1. Start with a marketing plan that lays out all the strategies, and costs of your heritage tourism marketing project.    
  2. Give your plan life with what it will look like in months and years. Have projections ready on how heritage tourism marketing will impact your area, region, and state. Essentially, set goals.
  3. Prepare a plan that shows the big picture and the nitty-gritty that proves there will be a return on investments in heritage tourism marketing.     

Maybe you are the idea generator planning a housing development, hotel, restaurant, or entertainment venue that you know will bring in people from miles away. Your plan anticipates tourists will visit or even move to the community you are promoting because it’s new and exciting and in a great location. 

You are prepared to meet with investors, stakeholders and government entities. But are you really prepared? Consider a few really great examples of heritage tourism.


In a great example of a marketing strategy that went gangbusters, consider the $50 million National Comedy Center in Jamestown, New York, that got its start in 2015. The goal, according to news releases, was 114,000 visitors a year.

Located in Jamestown, New York, home to about 30,000 residents and the Lucille Ball Comedy Museum, the goals were ambitious. 

In August 2018, the center opened and Conde Naste Traveler noted it was “The Unlikely Attraction That’s Putting Western New York Back On The Map.”  

The center built a buzz about what was coming, and more state grants rolled in along with funds from local partners, foundations, and comedians.  

In 2019, Chautauqua County had its best lodging numbers for the first three quarters of the year, according to a report on the site. It was a success on many levels and has been recognized with numerous awards.  

It all started with a plan, a pitch and a $1.5 million grant from New York’s tourism promotions.      

Western Pennsylvania Earns Funding with Strategic Hertiage Marketing

When we at Bull Moose Progressive Marketing work on heritage tourism marketing for our clients, we like to prove a concept in advance. It’s not just a great idea. It’s an idea with return on investment for years to come.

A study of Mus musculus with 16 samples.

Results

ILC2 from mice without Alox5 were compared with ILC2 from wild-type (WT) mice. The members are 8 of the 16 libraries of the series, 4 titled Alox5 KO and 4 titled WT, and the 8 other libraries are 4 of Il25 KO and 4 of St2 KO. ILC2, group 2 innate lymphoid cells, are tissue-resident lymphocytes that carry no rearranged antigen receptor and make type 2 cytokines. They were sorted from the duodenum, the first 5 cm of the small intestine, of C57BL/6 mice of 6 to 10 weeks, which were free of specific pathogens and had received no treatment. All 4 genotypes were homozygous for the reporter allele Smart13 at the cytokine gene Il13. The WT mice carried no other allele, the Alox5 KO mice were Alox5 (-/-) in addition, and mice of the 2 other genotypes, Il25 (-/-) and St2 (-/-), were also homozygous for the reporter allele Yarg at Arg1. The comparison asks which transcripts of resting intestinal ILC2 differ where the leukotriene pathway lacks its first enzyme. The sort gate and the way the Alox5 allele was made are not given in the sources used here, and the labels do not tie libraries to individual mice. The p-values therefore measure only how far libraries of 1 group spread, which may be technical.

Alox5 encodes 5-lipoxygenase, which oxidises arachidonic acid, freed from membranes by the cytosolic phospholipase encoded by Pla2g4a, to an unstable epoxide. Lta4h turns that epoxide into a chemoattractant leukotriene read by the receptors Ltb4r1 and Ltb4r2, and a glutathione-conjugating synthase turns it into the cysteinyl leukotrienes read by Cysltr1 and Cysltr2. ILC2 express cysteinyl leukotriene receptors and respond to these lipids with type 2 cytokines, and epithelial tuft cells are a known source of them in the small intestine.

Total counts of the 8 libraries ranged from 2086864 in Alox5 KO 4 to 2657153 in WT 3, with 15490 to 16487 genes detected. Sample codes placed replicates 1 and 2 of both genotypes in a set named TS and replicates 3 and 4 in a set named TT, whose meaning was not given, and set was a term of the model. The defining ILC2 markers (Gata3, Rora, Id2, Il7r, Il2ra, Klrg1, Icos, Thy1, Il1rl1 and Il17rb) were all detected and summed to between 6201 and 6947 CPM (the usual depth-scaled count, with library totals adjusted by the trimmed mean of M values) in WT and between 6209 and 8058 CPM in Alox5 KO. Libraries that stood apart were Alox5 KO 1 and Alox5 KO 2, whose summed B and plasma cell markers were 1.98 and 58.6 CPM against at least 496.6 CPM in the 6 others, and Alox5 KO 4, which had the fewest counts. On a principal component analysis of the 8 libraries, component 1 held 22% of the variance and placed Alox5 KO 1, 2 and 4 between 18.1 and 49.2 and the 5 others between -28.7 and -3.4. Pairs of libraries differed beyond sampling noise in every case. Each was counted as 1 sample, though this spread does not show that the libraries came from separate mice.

In a marketing strategy, you need to prove you deserve funding and that a project has long-term sustainability. In this and other projects, we complete projections on what the return on investment would be. In heritage tourism efforts, we also rally support from legacy families and industries in the original marketing plan.     

John R. Phillips, II, President and CEO, of the Oil Region Alliance, agrees that having strong advance marketing paves the way to funding success, especially during COVID-19. He pointed out that many heritage tourism marketing folks had to change tactics when museums, historic houses and other indoor venues were closed to the public, but the Oil Region Alliance was ready. 

People have definitely discovered and rediscovered the outdoors,” he said.  

The Oil Region has abundant trails, lakes, and outdoor recreation opportunities and they all became extremely popular in 2020, according to Oil Region Alliance Communications and Tourism Manager Emily Altomare.

“There was a 200 to 400 percent increase in the use of outdoor parks in 2020,” she said.

But it’s not just walking and hiking that appeal to people in heritage tourism.

“Our walking tours have interpretive panels available all the time,” she said.

The informational panels provide opportunities to learn something significant about the history of trails and just about everything.

“Visitors can be transported into a different time. That’s what’s fun about heritage tourism. It takes you back in time,” she said.

Upfront marketing strategies helped the Oil Region Alliance in many ways. A strategic plan was part of the process.

The historic walking tours in Franklin, Titusville, and Oil City discussed the historical preservation and architecture of houses and buildings and what took place in them. Many were significant homes or owned by people who helped build the community and the oil and gas industry. 

Stand Out: Be Unique, Be Credible, Be Trustworthy

A personal touch is required to improve funding opportunities. John Phillips said it takes salesmanship, marketing, and confidence to acquire funding from state and national sources along with donations and support from local stakeholders and legacy families, and industries

There’s a lot of competition for grants, and establishing a reputation and earning trust from the grantors has improved access to funding for heritage tourism marketing in the region. 

Josh Sherretts
Josh Sherretts is co-owner and VP of Business Development at Bull Moose Marketing. He has spent over a decade assisting museums, non-profit organizations, and others with fundraising, strategic planning, and marketing. His skill set includes managing capital campaigns, marketing strategies, and team building to achieve both fiscal and reputational growth. Josh is a regular speaker at conferences, presenting digital marketing strategies and technology tools in both the nonprofit and tourism sectors. He is an occasional contributor to NPR and has authored two books on local history. He spends his free time with his wife, Kim, and daughter, Rosemarie.